Because office employment in secondary markets is rapidly increasing, demand for office space is driving investor interest in those markets. Residents are seeking lower rents, while investors hope for higher yields and more product availability. Outlying markets offer much more available office product at a lower rate.
For example, Olive Hill Group strategically acquired an office property, The Courtyard, located in the Culver City submarket of Los Angeles, to capitalize on the growth of the tech-focused tenants in nearby Silicon Beach. By transforming that asset into a creative office space, we met the demands of emerging tech start-up companies and provided an alternative to the more expensive offices in Playa Vista.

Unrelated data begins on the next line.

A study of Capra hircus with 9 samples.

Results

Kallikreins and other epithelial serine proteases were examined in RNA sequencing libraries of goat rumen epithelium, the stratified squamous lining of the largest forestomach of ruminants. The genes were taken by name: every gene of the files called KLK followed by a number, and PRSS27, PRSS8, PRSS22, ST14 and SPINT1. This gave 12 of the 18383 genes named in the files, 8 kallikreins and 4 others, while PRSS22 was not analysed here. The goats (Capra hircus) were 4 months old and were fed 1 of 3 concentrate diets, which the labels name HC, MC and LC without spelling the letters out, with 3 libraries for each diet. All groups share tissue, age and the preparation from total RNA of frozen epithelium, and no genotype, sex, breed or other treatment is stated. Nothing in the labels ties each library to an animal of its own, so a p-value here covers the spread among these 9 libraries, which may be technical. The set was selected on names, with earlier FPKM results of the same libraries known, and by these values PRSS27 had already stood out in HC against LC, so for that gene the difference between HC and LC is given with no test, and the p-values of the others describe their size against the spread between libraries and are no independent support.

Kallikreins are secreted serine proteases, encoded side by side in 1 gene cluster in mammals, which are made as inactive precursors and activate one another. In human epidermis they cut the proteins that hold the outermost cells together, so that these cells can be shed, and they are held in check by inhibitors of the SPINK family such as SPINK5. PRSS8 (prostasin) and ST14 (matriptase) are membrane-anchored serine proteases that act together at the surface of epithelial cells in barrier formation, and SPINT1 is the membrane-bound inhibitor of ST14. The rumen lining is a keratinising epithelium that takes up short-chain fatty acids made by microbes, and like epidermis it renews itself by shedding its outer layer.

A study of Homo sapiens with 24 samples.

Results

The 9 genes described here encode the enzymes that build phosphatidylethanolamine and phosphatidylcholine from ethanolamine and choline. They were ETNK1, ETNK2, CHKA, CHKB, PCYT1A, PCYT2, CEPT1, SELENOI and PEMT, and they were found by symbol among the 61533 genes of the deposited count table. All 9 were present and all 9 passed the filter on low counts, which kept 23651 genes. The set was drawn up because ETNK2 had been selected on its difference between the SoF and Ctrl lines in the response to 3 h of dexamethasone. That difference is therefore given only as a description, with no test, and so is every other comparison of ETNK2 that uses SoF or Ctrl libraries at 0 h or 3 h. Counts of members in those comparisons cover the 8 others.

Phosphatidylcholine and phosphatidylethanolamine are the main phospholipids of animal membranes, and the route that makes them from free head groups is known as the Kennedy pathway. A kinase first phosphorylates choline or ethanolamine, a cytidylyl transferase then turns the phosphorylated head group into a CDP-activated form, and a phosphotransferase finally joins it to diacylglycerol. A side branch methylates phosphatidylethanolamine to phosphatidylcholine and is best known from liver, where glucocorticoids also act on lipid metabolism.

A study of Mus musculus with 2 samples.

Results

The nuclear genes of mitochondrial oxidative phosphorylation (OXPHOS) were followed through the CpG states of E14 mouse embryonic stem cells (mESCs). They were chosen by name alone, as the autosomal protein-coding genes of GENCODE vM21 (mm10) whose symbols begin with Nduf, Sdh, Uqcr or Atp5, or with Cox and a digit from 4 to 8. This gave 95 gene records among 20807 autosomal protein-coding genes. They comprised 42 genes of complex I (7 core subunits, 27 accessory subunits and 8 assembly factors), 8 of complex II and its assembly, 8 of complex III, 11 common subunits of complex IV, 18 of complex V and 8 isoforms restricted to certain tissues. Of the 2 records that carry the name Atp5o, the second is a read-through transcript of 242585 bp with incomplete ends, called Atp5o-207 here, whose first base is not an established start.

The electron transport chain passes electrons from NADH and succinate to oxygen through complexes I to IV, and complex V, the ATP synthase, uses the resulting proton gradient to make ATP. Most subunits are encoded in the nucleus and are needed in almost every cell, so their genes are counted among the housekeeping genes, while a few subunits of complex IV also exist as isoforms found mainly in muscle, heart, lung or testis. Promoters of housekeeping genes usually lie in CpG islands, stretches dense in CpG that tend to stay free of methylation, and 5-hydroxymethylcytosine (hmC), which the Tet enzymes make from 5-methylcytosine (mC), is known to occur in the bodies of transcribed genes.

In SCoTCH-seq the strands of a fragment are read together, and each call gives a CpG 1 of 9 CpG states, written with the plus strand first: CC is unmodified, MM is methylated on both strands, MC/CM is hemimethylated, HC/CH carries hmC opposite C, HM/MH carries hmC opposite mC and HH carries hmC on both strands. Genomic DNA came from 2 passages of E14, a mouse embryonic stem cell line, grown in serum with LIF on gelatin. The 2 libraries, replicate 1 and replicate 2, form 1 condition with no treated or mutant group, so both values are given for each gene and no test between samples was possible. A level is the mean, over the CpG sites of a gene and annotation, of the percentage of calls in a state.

According to a report by CBRE, investor appetite for assets in secondary markets has continued to increase for the fourth consecutive year. By acquiring office space in these gateway markets, investors obtain the same quality product and tenants at a lower cost, higher returns and better cap rates.
Many major metropolitan areas are still experiencing high levels of construction, which may eventually lower rents and reinstate the balance of supply and demand. While investors certainly need to be aware of the shift occurring, certain core markets will likely remain unaffected.
That said, office investors that focus on emerging submarkets will have an easier time finding attractive investment opportunities and won’t be impacted by the oversaturation we see in some urban cores. The office sector overall remains a strong contender for investors, and we project that secondary markets will continue to gain traction through 2018.